Launched by the National Aeronautics and Space Administration (NASA) in 1978, the International Sun-Earth Explorer-3 (ISEE-3) was the first spacecraft to measure the solar wind, a high-speed stream of electrons and protons released from the sun’s atmosphere, as it approaches Earth. In the mid-1980s, ISEE-3 became the first spacecraft to fly past a comet. But NASA stopped using the spacecraft in 1997, and since then it has been looping around the sun, waiting for a command that never came. Now, a group of civilians is working to reestablish contact with the vintage spacecraft and bring it home.
By orbiting the sun between the sun and Earth, the 1970s-era spacecraft dubbed ISEE-3 enabled scientists the unprecedented ability to observe the solar wind before it reached Earth. At the suggestion of the craft’s flight director, Dr. Robert W. Farquhar, ISEE-3 was then aimed at Comet Giacobini-Zinner, and passed through its tail in September 1985. After that, the craft was used for a few more observations of interplanetary space before 1997, when NASA shut it down. According to Dr. Farquhar’s estimates, ISEE-3 was on course to travel about 30 miles above the surface of the moon on August 10, 2014. The gravitational pull of this lunar encounter would be enough to pull the craft into Earth’s orbit, when (as Dr. Farquhar suggested) a space shuttle could bring it home.
But in 1999, all the transmitters that could communicate with ISEE-3 were discarded when NASA upgraded its system of radio telescopes, known as the Deep Space Network. With no way of talking to the craft, the likelihood of bringing it back to Earth seemed dim. In 2008, the Deep Space Network managed to listen briefly at its far-flung location and heard the carrier frequency of the spacecraft’s radio, which was never turned off and still awaited its next command from Earth.
Though supporters of ISEE-3 argued it could be used to train future scientists and engineers, NASA concluded it wasn’t worth the expense or effort to revive communications with the craft for the occasion of the 2014 lunar fly-by. That’s when Dennis Wingo and his company, Skycorp, stepped in to accept the challenge. With the help of Keith Cowing, editor of the Web site NASA Watch, and about 20 other people across the country (including many members of the original ISEE-3 team), Wingo raised $160,000 from more than 2,200 donors to help pay the costs of the project. Wingo, an engineer and entrepreneur, had previously teamed with Cowing to take on another task NASA considered unfeasible: extracting high-resolution images taken by the administration’s lunar orbiters in the 1960s from 50-year-old magnetic tapes. Of taking on the ISEE-3 project, he told the New York Times: “No one else was going to do it, and it seemed like the right thing to do.”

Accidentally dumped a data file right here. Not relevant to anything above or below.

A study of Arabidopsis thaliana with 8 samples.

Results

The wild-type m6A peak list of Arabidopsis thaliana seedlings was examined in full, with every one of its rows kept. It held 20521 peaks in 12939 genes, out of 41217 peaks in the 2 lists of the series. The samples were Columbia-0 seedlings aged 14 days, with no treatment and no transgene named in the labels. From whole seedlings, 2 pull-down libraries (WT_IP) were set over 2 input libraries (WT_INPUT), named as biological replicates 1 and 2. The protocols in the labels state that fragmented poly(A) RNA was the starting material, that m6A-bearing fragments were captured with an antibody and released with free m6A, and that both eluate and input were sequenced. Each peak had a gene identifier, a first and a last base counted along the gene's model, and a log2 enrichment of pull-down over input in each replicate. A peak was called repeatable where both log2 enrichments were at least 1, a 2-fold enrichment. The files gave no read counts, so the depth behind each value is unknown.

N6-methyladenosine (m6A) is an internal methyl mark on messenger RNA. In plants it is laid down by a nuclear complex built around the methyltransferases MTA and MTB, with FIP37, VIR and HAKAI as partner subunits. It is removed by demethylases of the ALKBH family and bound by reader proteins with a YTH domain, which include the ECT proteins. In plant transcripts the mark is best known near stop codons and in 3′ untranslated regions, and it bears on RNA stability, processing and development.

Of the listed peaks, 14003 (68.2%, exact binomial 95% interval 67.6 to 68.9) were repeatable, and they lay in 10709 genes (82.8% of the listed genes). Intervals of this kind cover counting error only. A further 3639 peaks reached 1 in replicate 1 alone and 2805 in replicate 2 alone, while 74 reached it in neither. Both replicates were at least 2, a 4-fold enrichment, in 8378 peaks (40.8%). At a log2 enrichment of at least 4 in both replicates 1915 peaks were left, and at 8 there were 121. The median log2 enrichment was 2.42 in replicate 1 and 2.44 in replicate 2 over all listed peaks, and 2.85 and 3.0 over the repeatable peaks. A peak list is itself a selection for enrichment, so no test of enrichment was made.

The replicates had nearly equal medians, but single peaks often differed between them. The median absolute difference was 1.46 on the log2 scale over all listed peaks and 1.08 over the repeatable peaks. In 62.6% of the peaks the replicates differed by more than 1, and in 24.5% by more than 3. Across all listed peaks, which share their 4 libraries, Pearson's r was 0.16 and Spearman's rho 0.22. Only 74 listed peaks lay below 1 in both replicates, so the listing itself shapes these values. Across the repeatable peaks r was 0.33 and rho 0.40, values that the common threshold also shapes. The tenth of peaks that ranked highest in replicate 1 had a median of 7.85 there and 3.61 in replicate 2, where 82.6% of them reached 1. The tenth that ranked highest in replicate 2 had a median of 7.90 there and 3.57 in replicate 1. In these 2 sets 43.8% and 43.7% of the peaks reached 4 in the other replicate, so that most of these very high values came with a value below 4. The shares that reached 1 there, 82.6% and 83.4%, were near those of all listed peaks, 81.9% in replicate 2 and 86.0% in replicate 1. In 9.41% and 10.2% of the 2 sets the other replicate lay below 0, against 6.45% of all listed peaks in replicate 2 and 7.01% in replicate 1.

Wingo and his team of “techno-archaeologists” have been working out of a former McDonald’s restaurant on a closed Navy base outside San Jose, California, which NASA converted to a research campus for small tech companies, nonprofits and academics. They began their project in April, and made a breakthrough last month, when they were able to talk to ISEE-3 using the Arecibo Observatory radio telescope in Puerto Rico. With that achievement, Skycorp became the first private organization to command a spacecraft outside Earth’s orbit.
After signing an agreement with NASA, Wingo’s team was able to benefit from recent advances in so-called software-defined radios, which enabled them to build and install a new transmitter on Arecibo telescope within a few weeks, much more quickly and cheaply than was possible before. The ship appears to be in good working order, though the challenge now lies in figuring out how to command it, as no one has access to a full operational manual. Now Wingo has persuaded NASA to use the Deep Space Network to determine the craft’s exact trajectory and calculate the rocket burn required to put it on a path to Earth’s orbit. In a couple of weeks, if all goes as planned, the engines will fire up and the “zombie spaceship” (as the Times calls it) will head home.